A diplomatic storm has erupted in the Middle East overnight, after the Israeli navy boarded a Turkish ship trying to break the Gaza blockade.
At least nine people have died in the clashes — Israel government claims 10, Israeli television claims 19 — with Israel commandos claiming they were defending themselves after they were attacked by the ship’s passengers.
In a statement released overnight, Israeli President Benjamin Netanyahu defended the Israeli operation, saying troops were attacked when they landed on the largest of the six ships in the flotilla.
“They were mobbed. They were clubbed, they were beaten, stabbed,” he said.
However the organisers of the flotilla have denied any threatening behaviour, claiming that the convoy was a peaceful operation aimed at providing aid to the ravaged region.
“I don’t know anything about the knives and axes or anything, said Audrey Bomse, Free Gaza Movement’s legal coordinator.
“There is absolutely no evidence of live fire. You see this live streaming on the Turkish ship, you see the Israeli helicopters shooting. There’s no evidence of fire passing them.”
The big Australian angle — which of course all Australian media jumped on board with — is that Fairfax journo Paul McGeough and photographer Kate Geraghty were on board one of the flotilla boats. After setting the Aussie journo twitsphere abuzz yesterday afternoon with worry, it’s understood they have both been taken into an Israeli detention centre. McGeogh’s final reports can be seen here. Also, an unidentified Australian man was shot in the leg.
The BBC and Al-Jazeera are live-blogging the aftermath of the attack. Twitter was quick to react, although there was concern that the #flotilla hashtag was being censored, since it started to trend, then disappeared due to a glitch. The Guardian explains the Twitter hashtag freakout.
The international media is providing extensive of coverage of the incident. Turkey is infuriated. How will the clash impact on Israel’s diplomatic ties?
Cynthia Johnston: Israel flotilla action criticized by friends and foes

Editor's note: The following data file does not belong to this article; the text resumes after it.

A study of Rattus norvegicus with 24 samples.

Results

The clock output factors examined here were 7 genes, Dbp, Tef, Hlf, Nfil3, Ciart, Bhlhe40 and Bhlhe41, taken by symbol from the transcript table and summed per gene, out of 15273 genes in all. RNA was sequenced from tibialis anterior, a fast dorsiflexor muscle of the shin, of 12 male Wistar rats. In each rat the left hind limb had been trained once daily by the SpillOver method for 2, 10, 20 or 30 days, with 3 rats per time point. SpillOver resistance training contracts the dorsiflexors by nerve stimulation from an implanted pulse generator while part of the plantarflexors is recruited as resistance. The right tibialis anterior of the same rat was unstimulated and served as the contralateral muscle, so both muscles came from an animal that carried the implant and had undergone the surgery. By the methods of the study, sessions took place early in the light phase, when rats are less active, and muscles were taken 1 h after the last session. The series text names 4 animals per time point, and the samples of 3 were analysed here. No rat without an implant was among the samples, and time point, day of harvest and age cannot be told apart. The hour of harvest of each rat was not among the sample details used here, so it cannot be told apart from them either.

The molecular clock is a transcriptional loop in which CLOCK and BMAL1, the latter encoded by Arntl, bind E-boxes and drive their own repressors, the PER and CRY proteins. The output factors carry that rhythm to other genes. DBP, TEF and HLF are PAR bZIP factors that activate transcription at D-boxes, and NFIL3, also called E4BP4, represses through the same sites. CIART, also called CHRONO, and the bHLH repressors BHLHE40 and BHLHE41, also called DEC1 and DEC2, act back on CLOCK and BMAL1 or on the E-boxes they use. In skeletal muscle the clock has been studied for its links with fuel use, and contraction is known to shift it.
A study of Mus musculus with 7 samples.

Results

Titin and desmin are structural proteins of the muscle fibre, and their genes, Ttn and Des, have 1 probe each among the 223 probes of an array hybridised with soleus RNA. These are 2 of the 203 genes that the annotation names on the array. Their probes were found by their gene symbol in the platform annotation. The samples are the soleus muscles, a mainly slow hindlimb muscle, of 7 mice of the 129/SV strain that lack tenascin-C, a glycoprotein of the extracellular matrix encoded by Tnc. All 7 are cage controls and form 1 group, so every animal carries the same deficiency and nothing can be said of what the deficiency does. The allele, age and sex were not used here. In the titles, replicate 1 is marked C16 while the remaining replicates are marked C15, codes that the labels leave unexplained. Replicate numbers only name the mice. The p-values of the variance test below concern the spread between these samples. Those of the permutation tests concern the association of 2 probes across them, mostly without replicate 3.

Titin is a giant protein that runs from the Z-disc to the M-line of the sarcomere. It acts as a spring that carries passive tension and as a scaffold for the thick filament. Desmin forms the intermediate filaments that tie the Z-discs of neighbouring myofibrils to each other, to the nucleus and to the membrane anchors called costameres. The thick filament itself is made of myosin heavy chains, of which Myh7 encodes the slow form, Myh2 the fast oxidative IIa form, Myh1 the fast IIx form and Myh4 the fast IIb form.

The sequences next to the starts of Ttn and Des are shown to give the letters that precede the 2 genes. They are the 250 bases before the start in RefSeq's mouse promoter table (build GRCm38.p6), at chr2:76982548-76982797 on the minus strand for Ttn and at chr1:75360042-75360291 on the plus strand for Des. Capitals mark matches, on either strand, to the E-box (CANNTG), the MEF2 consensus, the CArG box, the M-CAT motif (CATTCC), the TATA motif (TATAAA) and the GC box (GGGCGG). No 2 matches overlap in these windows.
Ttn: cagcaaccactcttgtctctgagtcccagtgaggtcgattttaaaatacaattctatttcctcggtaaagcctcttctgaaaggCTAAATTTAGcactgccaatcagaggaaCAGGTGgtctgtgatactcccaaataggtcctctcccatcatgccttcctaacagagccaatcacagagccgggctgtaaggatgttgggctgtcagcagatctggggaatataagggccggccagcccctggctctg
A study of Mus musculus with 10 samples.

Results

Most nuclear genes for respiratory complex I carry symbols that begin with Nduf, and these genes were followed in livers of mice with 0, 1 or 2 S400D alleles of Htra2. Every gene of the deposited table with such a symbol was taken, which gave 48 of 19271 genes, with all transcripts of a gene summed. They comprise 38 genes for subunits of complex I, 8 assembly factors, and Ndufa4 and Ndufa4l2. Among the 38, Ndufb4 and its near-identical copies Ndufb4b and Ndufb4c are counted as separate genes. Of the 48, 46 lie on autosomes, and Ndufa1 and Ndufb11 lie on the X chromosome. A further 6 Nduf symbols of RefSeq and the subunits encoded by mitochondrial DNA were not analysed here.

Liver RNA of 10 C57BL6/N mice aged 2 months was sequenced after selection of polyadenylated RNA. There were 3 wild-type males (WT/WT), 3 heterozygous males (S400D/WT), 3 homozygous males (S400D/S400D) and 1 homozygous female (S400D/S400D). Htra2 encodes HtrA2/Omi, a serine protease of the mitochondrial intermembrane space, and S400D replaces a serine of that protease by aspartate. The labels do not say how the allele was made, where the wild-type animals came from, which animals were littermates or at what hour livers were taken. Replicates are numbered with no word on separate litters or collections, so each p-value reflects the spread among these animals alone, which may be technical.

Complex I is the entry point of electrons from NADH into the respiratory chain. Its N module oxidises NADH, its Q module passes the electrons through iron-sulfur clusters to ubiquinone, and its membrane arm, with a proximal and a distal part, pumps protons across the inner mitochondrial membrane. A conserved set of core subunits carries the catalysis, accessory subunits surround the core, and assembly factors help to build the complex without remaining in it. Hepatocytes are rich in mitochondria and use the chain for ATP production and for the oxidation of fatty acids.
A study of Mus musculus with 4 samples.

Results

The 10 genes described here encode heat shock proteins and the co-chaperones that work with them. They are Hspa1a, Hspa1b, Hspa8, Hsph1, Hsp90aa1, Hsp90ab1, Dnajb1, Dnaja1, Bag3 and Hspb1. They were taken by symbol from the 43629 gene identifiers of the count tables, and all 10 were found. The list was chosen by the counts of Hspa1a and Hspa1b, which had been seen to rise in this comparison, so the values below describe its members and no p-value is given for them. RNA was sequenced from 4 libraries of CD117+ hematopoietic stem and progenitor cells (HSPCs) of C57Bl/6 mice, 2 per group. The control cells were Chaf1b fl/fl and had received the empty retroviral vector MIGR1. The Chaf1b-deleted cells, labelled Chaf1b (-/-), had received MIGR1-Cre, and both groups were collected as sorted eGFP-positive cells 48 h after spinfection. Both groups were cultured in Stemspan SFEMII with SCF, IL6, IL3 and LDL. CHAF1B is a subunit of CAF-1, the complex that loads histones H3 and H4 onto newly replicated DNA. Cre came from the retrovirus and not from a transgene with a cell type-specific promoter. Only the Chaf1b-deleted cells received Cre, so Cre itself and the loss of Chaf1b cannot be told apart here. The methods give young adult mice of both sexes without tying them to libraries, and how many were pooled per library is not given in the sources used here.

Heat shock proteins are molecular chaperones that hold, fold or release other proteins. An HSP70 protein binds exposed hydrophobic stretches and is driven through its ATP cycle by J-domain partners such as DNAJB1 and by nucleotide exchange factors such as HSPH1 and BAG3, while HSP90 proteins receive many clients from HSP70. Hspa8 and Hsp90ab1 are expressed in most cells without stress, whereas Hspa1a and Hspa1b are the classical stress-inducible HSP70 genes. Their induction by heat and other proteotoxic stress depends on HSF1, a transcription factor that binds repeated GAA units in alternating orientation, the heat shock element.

Israel’s storming of a Gaza-bound aid flotilla set off a diplomatic furor, drawing criticism from friends and foes alike and straining ties with regional ally Turkey, which called off planned joint military exercises.
Edith M. Lederer: Arabs demand independent probe of Israeli raid
The Palestinians and Arabs, backed by a number of council members, also called for Israel to lift the blockade on Gaza, immediately release the ships and humanitarian activists, and allow them to deliver their goods.
Karin Laub and Matthew Lee: Analysis: High-seas raid deepens Israeli isolation
And while Israel had hoped to defend its tight blockade of Hamas-ruled Gaza with Monday’s high-seas raid, it instead appeared to be hastening the embargo’s demise, judging by initial international condemnation.
Shlomo Shamir: UN Security Council members urge Israel to lift Gaza siege
Members of the United Nations Security Council on Monday urged Israel to lift its economic blockade of the Gaza Strip, in an emergency session to discuss the deadly Israel Navy raid on a convoy of international activists sailing to the coastal territory.
New York Times
The situation is difficult for the United States, which has close relations with both countries [Israel and Turkey] and is now in the awkward position of crafting a reaction that avoids alienating either side.
The Times (UK)
The shockwaves from the Israeli commando raid on the Mavi Marmara passenger ferry were still reverberating around the world last night, as Israel scrambled to defend its battered reputation.
The worldwide condemnation of the deadly Israeli assault on the Gaza aid flotilla will complicate the Obama administration’s efforts to improve its tense relations with Jerusalem and likely will distract from the push to sanction Iran over its nuclear program.
Joe Klein: The Israeli Attack
First reaction: This is an insane use of disproportionate force. It is a product of the right-wing radicalization of the Israeli government… And it will further isolate Israel from the rest of the world.